Publication Date: March 2007
Publisher: Library of Congress. Congressional Research Service
Research Area: Government
This report discusses the federal statutory protections contained within the Whistleblower Protection Act (WPA) for federal employees who engage in "whistleblowing," that is, making a disclosure evidencing illegal or improper government activities. The protections of the WPA apply to most federal executive branch employees and become applicable where a "personnel action" is taken "because of" a "protected disclosure" made by a "covered employee." Generally, whistleblower protections may be raised within four forums or proceedings: (1) employee appeals to the Merit Systems Protection Board of an agency's adverse action against an employee, known as "Chapter 77" appeals; (2) actions instituted by the Office of Special Counsel; (3) individually maintained rights of action before the Merit Systems Protection Board (known as an individual right of action, or IRA); and (4) grievances brought by the employee under negotiated grievance procedures.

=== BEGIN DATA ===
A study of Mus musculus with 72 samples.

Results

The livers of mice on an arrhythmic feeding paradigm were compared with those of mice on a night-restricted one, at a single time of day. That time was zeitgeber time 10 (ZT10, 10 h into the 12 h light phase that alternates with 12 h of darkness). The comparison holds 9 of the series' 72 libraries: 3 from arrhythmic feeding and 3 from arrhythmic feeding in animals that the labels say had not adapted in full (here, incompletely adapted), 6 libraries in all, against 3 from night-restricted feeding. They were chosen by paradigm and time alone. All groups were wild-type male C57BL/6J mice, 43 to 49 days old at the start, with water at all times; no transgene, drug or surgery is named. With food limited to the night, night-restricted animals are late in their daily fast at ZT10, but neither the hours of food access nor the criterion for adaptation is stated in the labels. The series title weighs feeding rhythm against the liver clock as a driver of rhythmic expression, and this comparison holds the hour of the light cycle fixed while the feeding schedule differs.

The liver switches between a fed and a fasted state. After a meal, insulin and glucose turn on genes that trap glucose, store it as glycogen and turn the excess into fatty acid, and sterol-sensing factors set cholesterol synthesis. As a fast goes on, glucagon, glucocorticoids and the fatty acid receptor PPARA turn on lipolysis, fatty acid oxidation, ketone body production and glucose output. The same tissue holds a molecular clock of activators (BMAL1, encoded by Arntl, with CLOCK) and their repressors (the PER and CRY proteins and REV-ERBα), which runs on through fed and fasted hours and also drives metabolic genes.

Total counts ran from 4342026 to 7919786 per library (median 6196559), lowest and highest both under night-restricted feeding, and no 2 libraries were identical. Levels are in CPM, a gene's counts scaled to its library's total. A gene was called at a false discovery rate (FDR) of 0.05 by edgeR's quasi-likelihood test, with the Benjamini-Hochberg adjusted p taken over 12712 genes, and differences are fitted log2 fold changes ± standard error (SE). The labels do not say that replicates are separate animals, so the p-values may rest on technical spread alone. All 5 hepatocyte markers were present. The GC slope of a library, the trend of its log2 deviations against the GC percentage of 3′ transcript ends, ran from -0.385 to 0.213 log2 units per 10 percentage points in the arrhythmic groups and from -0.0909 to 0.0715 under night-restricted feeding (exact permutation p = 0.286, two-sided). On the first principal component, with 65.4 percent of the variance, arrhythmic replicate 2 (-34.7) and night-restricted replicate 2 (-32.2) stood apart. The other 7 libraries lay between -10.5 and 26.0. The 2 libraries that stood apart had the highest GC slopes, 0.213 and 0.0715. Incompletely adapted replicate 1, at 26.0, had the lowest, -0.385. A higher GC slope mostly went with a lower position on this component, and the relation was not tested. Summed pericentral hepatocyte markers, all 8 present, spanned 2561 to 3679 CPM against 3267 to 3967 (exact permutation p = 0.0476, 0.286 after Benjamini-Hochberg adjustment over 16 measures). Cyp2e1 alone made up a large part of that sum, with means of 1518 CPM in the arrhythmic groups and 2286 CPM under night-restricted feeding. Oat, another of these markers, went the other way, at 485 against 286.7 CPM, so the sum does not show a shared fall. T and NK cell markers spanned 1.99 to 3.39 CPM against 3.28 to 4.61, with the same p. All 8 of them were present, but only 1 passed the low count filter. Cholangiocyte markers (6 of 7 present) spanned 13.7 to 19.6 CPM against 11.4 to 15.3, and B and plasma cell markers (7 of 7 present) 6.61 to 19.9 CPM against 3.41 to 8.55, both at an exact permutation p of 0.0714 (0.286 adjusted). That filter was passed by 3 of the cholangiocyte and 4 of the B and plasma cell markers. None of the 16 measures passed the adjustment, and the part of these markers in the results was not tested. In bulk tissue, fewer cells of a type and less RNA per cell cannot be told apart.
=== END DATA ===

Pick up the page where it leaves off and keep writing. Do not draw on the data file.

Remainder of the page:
On March 9, 2007, the House Committee on Oversight and Government Reform reported H.R. 985 (110th Cong.) H.Rept. 110-42, the Whistleblower Protection Enhancement Act of 2007, which would amend the WPA by providing protections for certain national security, government contractor, and science-based agency whistleblowers, and by enhancing the existing whistleblower protections for all federal employees.
Learn how to upload your organization's valuable work into PolicyArchive and share your works with researchers and policymakers around the world.